Axelrod uses case studies in class to demonstrate how past crises might have been averted or differently handled had effective leadership principles been in place prior to the calamitous event. Taking the Space Shuttle Challenger disaster as an example, he notes that there were Morton Thiokol and NASA employees who had voiced relevant concerns before the launch whose voices were not heard, while others had remained silent out of fear.
“So, in addition to the content and information students take from the class, they learn about themselves too. They’ll finish with a sense of who they are as leaders, where their strengths and weaknesses lie, and the concrete steps they’ll need to take in order to improve.”
“An essential challenge all leaders have to face involves creating an environment in which people can feel safe to speak their minds,” Axelrod says. “People also need to believe their concerns will be heard and taken seriously. This sort of confidence is something leaders can instill through demonstrating their own interest in learning and being influenced by what others bring to the table.”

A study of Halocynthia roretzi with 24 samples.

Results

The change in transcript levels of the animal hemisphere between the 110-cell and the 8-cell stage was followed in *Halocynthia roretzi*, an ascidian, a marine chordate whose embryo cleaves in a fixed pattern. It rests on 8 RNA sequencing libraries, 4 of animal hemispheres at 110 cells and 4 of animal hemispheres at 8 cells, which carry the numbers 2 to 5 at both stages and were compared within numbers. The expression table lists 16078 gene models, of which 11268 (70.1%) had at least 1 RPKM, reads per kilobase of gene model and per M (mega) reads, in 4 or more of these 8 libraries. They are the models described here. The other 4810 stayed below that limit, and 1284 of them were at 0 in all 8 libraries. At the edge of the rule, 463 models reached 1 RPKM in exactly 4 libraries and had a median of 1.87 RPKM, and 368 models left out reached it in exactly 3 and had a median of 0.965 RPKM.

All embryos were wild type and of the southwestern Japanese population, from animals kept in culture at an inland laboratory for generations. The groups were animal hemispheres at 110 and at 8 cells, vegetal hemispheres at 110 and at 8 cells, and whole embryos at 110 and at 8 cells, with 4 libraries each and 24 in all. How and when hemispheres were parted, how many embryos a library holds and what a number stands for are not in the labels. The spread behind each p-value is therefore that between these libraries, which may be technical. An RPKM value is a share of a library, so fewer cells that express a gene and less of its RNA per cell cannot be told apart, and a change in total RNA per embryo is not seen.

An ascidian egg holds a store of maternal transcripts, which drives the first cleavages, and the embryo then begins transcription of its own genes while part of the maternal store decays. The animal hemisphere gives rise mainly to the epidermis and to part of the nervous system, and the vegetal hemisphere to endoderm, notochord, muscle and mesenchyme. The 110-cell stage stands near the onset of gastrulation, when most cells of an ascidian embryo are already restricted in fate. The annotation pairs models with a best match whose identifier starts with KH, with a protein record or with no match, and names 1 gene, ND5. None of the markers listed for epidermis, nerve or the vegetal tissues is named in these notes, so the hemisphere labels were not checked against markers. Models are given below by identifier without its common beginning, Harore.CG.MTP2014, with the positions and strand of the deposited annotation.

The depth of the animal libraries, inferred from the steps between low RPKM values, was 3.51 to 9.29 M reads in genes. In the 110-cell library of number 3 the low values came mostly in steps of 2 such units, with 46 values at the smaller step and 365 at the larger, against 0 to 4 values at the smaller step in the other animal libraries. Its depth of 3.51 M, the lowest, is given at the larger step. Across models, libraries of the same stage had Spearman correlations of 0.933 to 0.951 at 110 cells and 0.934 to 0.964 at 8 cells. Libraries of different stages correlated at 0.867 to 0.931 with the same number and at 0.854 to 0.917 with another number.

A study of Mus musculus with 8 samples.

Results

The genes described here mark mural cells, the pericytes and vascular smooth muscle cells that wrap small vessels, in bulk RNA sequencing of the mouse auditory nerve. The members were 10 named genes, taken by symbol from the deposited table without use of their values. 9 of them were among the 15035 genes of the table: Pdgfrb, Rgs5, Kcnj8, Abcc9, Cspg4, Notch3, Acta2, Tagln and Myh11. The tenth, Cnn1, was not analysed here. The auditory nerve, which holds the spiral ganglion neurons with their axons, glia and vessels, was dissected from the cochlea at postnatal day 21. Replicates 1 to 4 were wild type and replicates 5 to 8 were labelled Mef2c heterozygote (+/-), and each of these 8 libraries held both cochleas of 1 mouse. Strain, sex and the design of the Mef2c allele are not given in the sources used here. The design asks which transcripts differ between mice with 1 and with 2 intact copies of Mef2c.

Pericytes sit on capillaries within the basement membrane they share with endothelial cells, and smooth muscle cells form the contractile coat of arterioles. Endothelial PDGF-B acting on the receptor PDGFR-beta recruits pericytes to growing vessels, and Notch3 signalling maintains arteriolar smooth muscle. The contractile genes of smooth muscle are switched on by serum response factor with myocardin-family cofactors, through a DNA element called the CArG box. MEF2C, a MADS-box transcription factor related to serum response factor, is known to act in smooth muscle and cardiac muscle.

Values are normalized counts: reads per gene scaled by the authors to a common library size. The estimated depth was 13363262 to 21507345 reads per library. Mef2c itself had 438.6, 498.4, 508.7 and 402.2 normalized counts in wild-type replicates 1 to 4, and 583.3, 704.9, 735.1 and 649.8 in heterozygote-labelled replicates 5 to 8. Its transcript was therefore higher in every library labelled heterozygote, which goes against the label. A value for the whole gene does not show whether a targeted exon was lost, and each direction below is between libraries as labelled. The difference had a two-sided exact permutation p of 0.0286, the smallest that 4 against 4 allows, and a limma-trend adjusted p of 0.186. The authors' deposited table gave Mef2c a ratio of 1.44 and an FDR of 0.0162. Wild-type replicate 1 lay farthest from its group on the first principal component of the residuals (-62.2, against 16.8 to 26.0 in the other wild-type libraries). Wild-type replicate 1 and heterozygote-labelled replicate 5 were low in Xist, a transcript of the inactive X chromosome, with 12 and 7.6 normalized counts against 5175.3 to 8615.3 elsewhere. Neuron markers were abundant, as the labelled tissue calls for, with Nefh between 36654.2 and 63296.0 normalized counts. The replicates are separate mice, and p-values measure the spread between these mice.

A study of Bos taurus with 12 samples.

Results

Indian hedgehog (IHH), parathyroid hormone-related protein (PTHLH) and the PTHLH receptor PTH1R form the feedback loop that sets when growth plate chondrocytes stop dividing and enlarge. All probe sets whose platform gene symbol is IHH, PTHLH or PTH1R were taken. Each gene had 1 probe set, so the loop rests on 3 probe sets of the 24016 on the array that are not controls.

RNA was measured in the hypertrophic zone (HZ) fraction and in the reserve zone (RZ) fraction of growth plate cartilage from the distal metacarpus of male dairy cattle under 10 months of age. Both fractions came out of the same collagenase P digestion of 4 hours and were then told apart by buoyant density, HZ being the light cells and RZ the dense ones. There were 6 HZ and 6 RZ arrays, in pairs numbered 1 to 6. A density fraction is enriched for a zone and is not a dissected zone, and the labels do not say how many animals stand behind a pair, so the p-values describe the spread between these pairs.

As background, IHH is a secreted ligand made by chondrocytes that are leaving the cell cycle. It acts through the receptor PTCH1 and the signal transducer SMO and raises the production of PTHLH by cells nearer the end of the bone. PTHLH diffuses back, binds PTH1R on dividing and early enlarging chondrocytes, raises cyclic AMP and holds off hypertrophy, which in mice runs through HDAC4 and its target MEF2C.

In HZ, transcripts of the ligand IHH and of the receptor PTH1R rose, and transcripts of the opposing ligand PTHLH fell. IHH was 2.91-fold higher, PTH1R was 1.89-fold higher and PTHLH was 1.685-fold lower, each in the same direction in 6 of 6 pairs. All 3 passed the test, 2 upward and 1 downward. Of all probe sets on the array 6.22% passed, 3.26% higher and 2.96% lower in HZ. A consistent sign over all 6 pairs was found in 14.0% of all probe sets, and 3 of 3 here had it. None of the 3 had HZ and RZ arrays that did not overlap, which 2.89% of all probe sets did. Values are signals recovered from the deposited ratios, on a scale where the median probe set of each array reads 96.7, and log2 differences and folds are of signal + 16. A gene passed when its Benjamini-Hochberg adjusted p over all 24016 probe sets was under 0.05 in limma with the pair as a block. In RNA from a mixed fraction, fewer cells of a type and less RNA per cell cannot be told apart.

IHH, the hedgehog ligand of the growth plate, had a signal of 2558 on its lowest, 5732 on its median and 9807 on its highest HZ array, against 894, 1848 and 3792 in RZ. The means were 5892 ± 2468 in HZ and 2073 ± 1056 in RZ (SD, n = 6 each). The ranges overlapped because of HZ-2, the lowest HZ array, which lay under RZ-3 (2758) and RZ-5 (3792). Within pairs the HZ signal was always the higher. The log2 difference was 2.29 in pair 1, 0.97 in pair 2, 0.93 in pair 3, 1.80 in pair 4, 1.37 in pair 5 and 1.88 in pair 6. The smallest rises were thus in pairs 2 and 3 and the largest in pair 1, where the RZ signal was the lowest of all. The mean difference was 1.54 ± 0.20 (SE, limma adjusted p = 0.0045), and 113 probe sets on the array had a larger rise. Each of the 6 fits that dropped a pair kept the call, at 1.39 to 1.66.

It is a skill Axelrod brings to the classroom when teaching Crisis Leadership and Management, where he encourages high levels of participation and lots of discussion. Students share lessons from their own lives both to enrich the classroom experience and also as a way to learn about their own leadership approaches. As an example of the latter, students use a psychometric instrument to give them insight into the types of leaders they are and why they work well with some people and not so well with others. These are lessons they then put directly into practice while carrying out a group project that serves as the course’s backbone.
“So, in addition to the content and information students take from the class, they learn about themselves too,” Axelrod says. “They’ll finish with a sense of who they are as leaders, where their strengths and weaknesses lie, and the concrete steps they’ll need to take in order to improve.”